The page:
January 2014

 

I spend a couple of weeks in Scotland in January or February each year in the hope of being able to photograph something of the Cairngorms and residents under a blanket of snow.  Wouldn't it be amazing to order the weather conditions that we want?  Once again this year, I had no snow but I'm ever hopeful and will go again next year... and I've already pre-ordered snow.  
I've long-held a dream to see, watch and photograph mountain hares.  They are bewitchingly beatiful.  The weather in the mountains on my last 3 years' trips has been far too dangerous for mountain hare photography because of gale force winds and driving rain.  This year was different however and the conditions were much calmer. Sadly, my first encounter with a mountain hare was a poor dead animal that I spotted in the road on the way up to the mountains.  Being a practical sort of girl, I poked most of the large, white fluffy dead-thing into a carrier bag (well, it's legs stuck out of the top!) and offered it to a golden eagle the next day #asyoudo   
 
After a helluva long walk up a steep hill or two carrying tripod, gimbal head, 2 x camera bodies, a 500mm, 300mm lenses plus a couple of shorter lenses (!), I caught up with my patient and expert local wildlife and mountain guide Neil McIntyre   He pointed to the hill side in front of us.  ‘There she is’ he said.  I could see nothing.  Neil's fieldcraft and local knowledge is extraordinary and after patient, slow creeping forwards, we managed to spend time with a couple of these magnificent creatures.  We crept forwards metre by metre and I eventually saw my first live mountain hare.
 
Mountain Hares have the remarkably descriptive Latin name of Lepus Timidus Scoticus.  They have two strategies in times of trouble, one is to run like hell and the other is to hunker down and just 'sit'. To find a 'sitter' is every photographer's dream.  They have shorter black tipped ears than their cousins the Brown Hares and the cutest whiffliest noses and whiskers, the biggest, sparkliest brown eyes and the nibbliest, twitchiest ... yes, I admit it... I'm totally in love!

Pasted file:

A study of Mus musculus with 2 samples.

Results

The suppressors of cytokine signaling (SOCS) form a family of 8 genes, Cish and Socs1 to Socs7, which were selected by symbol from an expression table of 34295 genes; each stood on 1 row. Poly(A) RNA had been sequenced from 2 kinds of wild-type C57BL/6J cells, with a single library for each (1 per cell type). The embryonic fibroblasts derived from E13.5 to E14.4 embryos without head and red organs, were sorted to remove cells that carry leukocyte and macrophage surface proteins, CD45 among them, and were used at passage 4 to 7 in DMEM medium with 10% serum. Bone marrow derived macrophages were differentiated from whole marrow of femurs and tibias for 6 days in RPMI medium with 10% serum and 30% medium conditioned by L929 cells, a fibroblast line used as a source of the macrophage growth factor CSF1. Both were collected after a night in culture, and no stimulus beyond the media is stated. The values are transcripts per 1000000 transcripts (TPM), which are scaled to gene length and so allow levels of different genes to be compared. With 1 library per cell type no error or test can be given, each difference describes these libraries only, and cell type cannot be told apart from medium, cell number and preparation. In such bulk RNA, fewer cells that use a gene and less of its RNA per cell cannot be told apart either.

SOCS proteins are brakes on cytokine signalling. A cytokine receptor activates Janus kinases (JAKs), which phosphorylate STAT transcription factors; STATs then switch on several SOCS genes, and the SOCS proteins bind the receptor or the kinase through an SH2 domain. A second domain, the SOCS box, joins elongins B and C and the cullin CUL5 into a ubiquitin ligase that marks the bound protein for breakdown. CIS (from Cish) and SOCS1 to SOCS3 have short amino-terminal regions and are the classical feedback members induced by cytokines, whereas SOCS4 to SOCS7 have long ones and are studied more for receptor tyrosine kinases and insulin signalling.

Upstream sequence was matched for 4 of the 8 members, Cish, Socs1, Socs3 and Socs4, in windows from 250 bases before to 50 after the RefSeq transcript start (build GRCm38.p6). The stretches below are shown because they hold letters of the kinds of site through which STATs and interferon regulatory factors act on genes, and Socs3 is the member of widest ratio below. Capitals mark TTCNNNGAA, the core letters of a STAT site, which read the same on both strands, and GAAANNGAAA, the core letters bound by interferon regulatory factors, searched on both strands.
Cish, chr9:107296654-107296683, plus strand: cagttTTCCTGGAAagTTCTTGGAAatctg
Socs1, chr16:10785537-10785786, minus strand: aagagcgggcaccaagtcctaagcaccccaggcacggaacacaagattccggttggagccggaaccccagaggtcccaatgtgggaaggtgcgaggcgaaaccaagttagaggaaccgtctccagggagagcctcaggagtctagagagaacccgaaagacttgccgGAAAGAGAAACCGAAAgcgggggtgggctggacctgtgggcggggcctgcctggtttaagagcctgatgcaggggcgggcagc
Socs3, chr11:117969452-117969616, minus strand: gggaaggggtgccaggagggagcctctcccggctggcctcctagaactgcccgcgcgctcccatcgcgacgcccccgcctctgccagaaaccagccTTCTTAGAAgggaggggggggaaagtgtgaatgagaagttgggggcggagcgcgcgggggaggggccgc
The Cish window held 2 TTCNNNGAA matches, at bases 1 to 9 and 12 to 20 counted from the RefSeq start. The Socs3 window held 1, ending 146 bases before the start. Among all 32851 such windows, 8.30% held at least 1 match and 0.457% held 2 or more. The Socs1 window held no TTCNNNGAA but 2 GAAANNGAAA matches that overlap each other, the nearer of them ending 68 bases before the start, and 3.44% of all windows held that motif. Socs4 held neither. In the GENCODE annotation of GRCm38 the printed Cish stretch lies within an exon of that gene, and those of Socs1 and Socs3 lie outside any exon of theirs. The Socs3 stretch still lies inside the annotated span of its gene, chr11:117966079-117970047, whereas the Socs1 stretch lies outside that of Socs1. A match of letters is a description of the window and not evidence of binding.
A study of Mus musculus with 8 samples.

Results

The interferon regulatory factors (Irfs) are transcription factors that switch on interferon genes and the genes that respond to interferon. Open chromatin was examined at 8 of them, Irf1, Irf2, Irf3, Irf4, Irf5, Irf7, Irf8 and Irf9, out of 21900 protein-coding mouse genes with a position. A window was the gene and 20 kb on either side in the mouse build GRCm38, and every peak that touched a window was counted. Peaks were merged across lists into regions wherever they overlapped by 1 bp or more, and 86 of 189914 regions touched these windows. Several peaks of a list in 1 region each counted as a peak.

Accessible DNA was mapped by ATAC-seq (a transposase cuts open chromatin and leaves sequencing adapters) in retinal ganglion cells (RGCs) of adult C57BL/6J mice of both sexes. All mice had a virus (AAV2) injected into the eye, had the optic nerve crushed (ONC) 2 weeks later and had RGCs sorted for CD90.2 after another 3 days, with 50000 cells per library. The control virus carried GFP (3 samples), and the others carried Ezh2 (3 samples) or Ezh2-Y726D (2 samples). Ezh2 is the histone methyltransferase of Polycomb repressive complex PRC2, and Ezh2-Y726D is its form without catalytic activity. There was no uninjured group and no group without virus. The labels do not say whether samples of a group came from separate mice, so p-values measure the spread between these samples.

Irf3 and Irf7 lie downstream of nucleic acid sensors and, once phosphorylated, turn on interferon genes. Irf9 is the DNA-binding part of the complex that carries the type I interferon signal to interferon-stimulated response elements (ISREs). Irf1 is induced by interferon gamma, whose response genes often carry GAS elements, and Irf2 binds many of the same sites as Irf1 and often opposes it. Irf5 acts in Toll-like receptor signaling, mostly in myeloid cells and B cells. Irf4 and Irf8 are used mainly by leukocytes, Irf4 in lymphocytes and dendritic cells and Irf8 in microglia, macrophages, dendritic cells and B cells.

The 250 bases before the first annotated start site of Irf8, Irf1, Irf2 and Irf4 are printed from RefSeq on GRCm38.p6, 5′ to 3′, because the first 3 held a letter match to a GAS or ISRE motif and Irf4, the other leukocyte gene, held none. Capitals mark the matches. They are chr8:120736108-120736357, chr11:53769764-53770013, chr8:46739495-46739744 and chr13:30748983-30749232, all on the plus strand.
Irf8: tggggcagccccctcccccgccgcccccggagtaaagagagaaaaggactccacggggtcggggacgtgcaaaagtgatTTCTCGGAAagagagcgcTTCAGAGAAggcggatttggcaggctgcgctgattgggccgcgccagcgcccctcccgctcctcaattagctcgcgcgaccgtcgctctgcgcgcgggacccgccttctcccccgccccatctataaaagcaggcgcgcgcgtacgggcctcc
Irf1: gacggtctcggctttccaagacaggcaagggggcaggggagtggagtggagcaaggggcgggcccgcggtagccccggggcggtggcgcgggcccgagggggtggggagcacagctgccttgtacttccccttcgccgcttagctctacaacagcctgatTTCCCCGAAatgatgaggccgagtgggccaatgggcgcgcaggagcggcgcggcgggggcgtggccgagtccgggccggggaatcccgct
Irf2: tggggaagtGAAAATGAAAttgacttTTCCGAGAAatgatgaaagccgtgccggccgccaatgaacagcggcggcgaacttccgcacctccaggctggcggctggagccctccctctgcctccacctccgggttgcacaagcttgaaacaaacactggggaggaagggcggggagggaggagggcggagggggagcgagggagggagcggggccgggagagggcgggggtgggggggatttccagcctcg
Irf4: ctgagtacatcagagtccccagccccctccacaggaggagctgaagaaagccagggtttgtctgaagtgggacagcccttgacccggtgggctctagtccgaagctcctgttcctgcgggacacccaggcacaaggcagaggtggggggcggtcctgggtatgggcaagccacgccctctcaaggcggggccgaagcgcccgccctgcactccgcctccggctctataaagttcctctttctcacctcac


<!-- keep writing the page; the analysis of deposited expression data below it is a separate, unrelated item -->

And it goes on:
They change their pelage (coats) three times a year and go from a brown through to golden and a bluey-white colour.  This should give them a superb ability to camouflage themselves but unfortunately, the weather doesn't always play fair  Being a white or golden-mottled Mountain Hare without the advantage of winter snow is clearly not helpful!  Better to 'sit' in the heather and hunker down if you have a white coat and hope that a passing Golden Eagle (or game keeper) won't notice you.
Once they choose to run, by golly, they can move fast.  I wasn’t expecting ‘Hamsterface’ to run but s/he did… very fast and too close and too fast for me.  But, I like those last two images.  They won’t win competitions or help in an ARPS submission but they remind me of some very precious and privileged moments in time.  
 
We caught up with Hamsterface again on the other side of the hill, hunkered down in the heather.  I hope that she survives and is there next January.